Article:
New carbon dioxide detector developed for unmanned ocean vessels
Carbon dioxide in remote parts of the world’s oceans will be measured by a new instrument being developed by scientists at the National Oceanography Centre (NOC).
The CaPASOS (Calibrated pCO2 in Air and Surface Ocean Sensor), created by the NOC in partnership with the University of Exeter, will be carried on unmanned autonomous vessels to locations including the Southern Ocean. Ship-borne sensors gather data in many parts of the world, but extreme and hostile conditions in some oceans, especially during winter, mean that few ships are able to go there.
The new sensor will help improve our understanding of the relationship between carbon and the oceans. Human activity, mainly the burning of fossil fuels, is responsible for the release approximately 10 petagrams of carbon per year into the atmosphere, about half of which is absorbed by the ocean. The other half is being absorbed, it is believed, in approximately equal amounts by ‘carbon sinks’, meaning vegetation on land and uptake by the ocean. The ocean uptake of carbon dioxide slows climate change, but that process also causes ocean acidification, which can adversely impact marine life and the communities that depend on it for their livelihoods.
The CaPASOS instrument will measure partial pressure of carbon dioxide (pCO2) in the air and surface of the ocean, both of which are vital to calculating how CO2 moves between the air and sea.
Professor Matt Mowlem, Head of Ocean Technology and Engineering at the NOC, said: “The development of the CaPASOS instrument will use proven technologies including novel combinations of high metrology performance prototype, being delivered by the University of Exeter, with extremely robust in situ sensor technology developed at the NOC, which includes existing standardised sensor-platform interfaces and reliability engineered systems. The resulting technology will fill key gaps, for example by gathering data from the Southern Ocean, and will be a viable product in oceanic and other aquatic environments where robust autonomy and excellent metrology are an advantage.”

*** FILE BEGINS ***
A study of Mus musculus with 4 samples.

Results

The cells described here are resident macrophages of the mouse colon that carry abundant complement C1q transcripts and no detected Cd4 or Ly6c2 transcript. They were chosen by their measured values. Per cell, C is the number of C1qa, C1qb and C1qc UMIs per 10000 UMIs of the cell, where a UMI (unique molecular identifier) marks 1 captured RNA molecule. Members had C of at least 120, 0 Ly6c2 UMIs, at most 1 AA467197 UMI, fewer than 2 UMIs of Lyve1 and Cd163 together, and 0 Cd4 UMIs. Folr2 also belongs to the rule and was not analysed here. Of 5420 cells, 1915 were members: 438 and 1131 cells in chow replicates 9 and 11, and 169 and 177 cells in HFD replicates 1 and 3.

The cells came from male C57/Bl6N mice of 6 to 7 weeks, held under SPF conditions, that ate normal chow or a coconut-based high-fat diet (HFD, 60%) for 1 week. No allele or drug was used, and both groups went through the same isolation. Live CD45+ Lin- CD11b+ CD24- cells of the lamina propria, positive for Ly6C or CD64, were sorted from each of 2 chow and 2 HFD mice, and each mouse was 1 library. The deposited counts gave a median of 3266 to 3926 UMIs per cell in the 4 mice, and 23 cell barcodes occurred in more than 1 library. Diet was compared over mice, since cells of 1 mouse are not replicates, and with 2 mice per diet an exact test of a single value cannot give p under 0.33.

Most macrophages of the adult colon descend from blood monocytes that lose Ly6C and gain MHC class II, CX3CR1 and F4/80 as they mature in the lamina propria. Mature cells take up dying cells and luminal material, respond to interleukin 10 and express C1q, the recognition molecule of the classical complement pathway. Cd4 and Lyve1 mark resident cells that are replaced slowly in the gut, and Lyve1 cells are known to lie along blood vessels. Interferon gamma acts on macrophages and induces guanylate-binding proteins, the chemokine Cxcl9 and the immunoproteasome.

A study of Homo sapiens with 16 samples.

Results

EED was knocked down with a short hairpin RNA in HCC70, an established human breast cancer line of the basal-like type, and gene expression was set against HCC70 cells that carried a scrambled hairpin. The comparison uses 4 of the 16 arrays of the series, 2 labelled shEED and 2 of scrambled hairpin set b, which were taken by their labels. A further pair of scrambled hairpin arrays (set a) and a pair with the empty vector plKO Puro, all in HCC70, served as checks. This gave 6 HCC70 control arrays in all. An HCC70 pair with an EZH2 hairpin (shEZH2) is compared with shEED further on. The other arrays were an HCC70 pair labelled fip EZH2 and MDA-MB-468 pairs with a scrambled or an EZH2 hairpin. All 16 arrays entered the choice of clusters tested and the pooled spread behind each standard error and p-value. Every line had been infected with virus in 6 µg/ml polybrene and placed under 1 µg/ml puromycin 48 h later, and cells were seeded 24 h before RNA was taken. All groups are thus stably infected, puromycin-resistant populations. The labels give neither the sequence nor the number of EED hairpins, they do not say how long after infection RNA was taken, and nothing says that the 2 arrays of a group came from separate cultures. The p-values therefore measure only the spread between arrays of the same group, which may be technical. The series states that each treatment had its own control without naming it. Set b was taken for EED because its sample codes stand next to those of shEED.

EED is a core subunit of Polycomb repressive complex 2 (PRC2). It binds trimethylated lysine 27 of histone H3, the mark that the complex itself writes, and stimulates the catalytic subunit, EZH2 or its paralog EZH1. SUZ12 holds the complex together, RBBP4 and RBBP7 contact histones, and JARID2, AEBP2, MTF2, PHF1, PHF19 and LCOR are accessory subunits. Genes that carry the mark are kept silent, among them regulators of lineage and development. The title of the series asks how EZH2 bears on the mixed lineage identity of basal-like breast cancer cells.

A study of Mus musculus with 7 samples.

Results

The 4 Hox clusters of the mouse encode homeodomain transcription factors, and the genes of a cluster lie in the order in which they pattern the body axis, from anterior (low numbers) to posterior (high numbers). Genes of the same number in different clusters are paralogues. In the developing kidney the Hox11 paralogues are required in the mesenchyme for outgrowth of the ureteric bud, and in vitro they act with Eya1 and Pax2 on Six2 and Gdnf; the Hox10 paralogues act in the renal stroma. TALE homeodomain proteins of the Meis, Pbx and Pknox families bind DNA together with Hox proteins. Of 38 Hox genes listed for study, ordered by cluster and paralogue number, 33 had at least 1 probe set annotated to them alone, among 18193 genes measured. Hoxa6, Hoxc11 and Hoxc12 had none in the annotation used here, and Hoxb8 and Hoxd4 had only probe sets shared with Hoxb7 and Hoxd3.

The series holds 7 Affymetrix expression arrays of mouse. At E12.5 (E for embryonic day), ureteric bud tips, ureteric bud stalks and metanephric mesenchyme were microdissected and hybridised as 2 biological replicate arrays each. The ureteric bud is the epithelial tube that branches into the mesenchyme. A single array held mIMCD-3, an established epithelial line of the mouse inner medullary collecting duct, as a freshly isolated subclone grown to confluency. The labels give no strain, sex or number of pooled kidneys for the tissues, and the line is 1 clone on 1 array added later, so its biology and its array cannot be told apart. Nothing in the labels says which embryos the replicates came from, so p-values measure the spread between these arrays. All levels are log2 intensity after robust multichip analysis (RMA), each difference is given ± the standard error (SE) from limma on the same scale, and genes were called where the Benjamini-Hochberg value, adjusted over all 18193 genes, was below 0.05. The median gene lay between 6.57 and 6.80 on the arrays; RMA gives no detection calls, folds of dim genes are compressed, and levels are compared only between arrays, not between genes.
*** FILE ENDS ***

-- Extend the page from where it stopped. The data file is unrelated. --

Professor Andrew Watson from the University of Exeter, said: “While carbon dioxide levels in some parts of the oceans are well monitored, there are other very large regions – the Indian, South Pacific and Southern oceans, for example – where we have woefully insufficient data.
“The technical challenge is to adapt the successful principles of the instruments mounted in ships or large buoys, where space and power are not limiting factors, to achieve the same high accuracy with small space and power footprint, long endurance and resistance to violent motion, all of which will be needed on an unmanned vessel.
“We will achieve this by bringing together the extensive experience that the University of Exeter group has in operating ship-based CO2 systems over 20 years, with improvements in engineering, utilising the experience and expertise of the National Oceanography Centre’s Technology and Engineering groups.”